The global consensus for strategic ESG builds

26 May 2022 - by Nathan Field

May 2022 has been a busy month for ESG debates with the subject showcased at the forefront of many high profile forums and events. The first summer World Economic Forum has grabbed the headlines and the Net Zero Delivery Summit showed how the oldest financial markets are shifting focus. At the same time, The Moral Money Summit Europe in London, and the Corporate Secretary Summer Forum in New York demonstrated a growing consensus on the strategic importance of ESG.

Mandatory ESG reporting: are companies ready?

The Moral Money Summit’s biggest story was HSBC’s head of responsible Investing, and former FT Lex Editor, Stuart Kirk’s thought provoking presentation on ‘Why investors need not worry about climate risk’. But looking beyond the headlines the highlights included great debates, agreement and a genuine conviction that progress is being made.

Panel discussions asked consistently whether companies are ready for mandatory ESG reporting, with contributors including GRI CEO Eelco van der Enden, suggesting that while there is still work to do some companies are ahead of the game, but geography and progressiveness of boards are still influencing the pace of progress.

The S and the G are still the biggest struggle for businesses with an acknowledgement that quantifying human rights with the same metrics as environmental elements like carbon usage requires a very different narrative approach.

Top Five ESG Topics with voluntary policy development | Datamaran insights

Richard Manley of CPP Investments was amongst those providing the investor stakeholder perspective, highlighting the rapidly changing nature of business risks in this century. How investors expect businesses to be managed are with boards ensuring there is adequate oversight of the executive to ensure all material business risks and opportunities are integrated and considered when setting strategy, operationalising the strategy, and with disclosure to the market.

An interview with Jennifer Motles Svigilsky, chief sustainability officer at tobacco company Philip Morris International was perhaps one of the most surprising, providing an unusual but compelling insight into ESG as a fundamental business tool. For her organization governance is critical to maintain stakeholder buy-in, so the chief sustainability officer reports directly to the CFO. Board education, strategy setting, together with data collection and presentation, are the critical elements that are helping reassure investors about the future of a company undergoing a fundamental transition of its business. 

Boards must take a position on ESG

All companies can learn from this experience. Creating a narrative through data is as relevant to anyone as they face transitioning from fossil fuels, non-sustainable materials or other elements that need to be considered through the ESG lens.

The Corporate Secretary Forum continued the theme, demonstrating that it is critical for boards to take a position on ESG and have timely and consistent information on risk to enable informed decision making.The role of company secretaries to encourage the board to think more broadly about ESG strategy, identifying both exposure to risks and the opportunities.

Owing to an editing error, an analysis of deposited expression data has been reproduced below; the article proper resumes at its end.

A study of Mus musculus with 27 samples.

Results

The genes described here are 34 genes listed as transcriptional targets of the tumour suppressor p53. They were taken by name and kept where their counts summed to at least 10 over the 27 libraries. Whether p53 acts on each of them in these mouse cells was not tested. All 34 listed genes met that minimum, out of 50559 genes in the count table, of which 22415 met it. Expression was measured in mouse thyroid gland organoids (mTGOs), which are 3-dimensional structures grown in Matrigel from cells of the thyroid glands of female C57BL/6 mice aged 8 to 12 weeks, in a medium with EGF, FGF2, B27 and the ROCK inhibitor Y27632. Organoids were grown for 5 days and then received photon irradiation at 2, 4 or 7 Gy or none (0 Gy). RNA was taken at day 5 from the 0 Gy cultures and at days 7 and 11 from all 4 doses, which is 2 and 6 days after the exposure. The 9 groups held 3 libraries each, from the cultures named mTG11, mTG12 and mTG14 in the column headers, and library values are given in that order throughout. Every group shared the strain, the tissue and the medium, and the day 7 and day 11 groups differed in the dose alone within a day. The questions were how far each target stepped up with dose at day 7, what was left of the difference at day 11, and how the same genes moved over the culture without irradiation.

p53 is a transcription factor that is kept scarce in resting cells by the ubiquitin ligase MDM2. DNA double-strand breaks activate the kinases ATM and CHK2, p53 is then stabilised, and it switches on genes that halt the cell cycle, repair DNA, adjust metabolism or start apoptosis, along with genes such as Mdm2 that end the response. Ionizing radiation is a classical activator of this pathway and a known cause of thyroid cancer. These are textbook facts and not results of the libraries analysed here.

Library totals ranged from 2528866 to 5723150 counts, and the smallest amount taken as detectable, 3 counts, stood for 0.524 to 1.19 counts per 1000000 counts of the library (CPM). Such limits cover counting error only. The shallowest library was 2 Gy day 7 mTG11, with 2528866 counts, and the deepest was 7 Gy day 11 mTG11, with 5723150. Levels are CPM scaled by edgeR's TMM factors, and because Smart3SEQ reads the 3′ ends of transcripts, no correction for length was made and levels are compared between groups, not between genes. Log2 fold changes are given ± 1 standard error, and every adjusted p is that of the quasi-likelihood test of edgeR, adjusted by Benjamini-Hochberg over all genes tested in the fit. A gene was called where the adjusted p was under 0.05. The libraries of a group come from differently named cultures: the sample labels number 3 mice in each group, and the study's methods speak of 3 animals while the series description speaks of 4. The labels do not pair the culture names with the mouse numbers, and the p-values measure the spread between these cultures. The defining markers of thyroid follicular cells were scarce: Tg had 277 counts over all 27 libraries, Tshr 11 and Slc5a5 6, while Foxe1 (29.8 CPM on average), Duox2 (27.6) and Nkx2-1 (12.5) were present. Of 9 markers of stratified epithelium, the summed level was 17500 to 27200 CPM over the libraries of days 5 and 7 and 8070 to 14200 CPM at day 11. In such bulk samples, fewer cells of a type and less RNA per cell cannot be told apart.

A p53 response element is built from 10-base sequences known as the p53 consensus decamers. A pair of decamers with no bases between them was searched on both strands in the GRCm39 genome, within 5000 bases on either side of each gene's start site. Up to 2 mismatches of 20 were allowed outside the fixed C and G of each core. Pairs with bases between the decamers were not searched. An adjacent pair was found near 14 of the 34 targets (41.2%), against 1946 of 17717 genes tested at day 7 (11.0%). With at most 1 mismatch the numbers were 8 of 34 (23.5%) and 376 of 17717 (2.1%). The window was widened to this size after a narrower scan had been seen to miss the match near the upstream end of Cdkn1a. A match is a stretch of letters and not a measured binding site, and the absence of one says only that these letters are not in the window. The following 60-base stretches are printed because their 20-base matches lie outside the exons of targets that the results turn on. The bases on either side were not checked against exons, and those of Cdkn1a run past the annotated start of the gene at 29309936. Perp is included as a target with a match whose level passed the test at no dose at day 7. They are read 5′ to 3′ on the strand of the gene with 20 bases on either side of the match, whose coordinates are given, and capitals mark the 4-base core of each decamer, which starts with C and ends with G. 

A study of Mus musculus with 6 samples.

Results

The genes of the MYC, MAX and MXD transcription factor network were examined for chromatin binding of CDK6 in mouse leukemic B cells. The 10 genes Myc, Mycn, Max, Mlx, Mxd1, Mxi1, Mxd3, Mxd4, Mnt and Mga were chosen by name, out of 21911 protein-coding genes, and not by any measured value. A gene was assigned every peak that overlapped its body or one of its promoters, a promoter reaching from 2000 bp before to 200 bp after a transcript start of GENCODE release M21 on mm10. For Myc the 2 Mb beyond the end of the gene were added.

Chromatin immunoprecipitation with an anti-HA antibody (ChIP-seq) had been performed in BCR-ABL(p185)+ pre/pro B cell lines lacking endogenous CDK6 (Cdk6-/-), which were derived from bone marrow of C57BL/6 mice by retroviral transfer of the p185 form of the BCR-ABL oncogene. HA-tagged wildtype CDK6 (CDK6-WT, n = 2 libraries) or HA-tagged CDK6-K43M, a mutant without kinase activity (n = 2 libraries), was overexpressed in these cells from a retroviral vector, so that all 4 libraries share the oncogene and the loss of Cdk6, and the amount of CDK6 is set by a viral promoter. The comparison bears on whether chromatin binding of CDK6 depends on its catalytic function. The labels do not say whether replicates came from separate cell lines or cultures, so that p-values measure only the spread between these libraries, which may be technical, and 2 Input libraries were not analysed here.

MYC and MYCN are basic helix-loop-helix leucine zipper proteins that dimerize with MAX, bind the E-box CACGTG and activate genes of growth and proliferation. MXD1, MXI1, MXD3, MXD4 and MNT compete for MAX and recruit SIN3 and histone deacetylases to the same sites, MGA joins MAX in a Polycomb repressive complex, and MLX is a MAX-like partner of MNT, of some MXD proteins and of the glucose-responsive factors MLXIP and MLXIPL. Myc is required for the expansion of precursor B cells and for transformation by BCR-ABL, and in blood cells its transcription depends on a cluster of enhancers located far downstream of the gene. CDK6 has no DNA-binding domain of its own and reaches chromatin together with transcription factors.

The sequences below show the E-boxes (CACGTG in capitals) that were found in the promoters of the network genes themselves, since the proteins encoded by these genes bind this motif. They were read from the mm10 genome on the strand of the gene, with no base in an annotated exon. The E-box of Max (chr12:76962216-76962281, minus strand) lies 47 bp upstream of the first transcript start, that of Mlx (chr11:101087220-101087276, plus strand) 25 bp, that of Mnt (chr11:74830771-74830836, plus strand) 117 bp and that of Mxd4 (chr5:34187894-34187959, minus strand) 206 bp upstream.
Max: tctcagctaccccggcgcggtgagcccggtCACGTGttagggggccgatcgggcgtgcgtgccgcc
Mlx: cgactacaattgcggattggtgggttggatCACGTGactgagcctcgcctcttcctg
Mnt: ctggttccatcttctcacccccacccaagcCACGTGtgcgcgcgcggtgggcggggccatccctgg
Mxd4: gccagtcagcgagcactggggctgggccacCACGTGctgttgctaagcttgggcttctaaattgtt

Looking forward, it was clear that there is an expectation of more mandatory regulations in the future and, the consensus was, rather than attempting to predict the precise requirements, the focus should be more on developing processes, education and insight that allows companies to quickly respond to them when they are implemented.

Authenticity and agility, the critical ingredients

The ability to respond to market and regulatory developments with authenticity was a common theme from contributors to all events. The organizations focusing on delivering the bare minimum to comply with regulations will require a cultural shift to operate successfully. Regulators, investors, customers and, perhaps most importantly, employees are demanding more.

As legislators and standard setters become more proactive, it is refreshing and reassuring to see how positive and determined all stakeholders are to engage with this process, but also agree there is more work to be done to better integrate ESG into business strategy. The role of the board is critical. However, one of the most striking comments came from a business leader that claimed he now had 70,000 activists that expect to hear about their ESG strategy in every company town hall meeting, highlighting how the first and most demanding audience is increasingly your workforce - your most valuable resource.

ESG Policy-Making in 2022: an essential breakdown of climate-related requirements

Companies need to prepare for strict mandatory climate disclosure requirements. That’s why, for the first time, Datamaran is making the latest version of its client-exclusive, quarterly Policy Brief accessible to the wider public.

This Policy Brief provides essential insights for businesses looking to be compliant and stay one step ahead. It features expert commentary from DLA Piper, a Datamaran partner and global law firm.

Download this free Policy Brief to understand what’s changing, when, and how you can respond.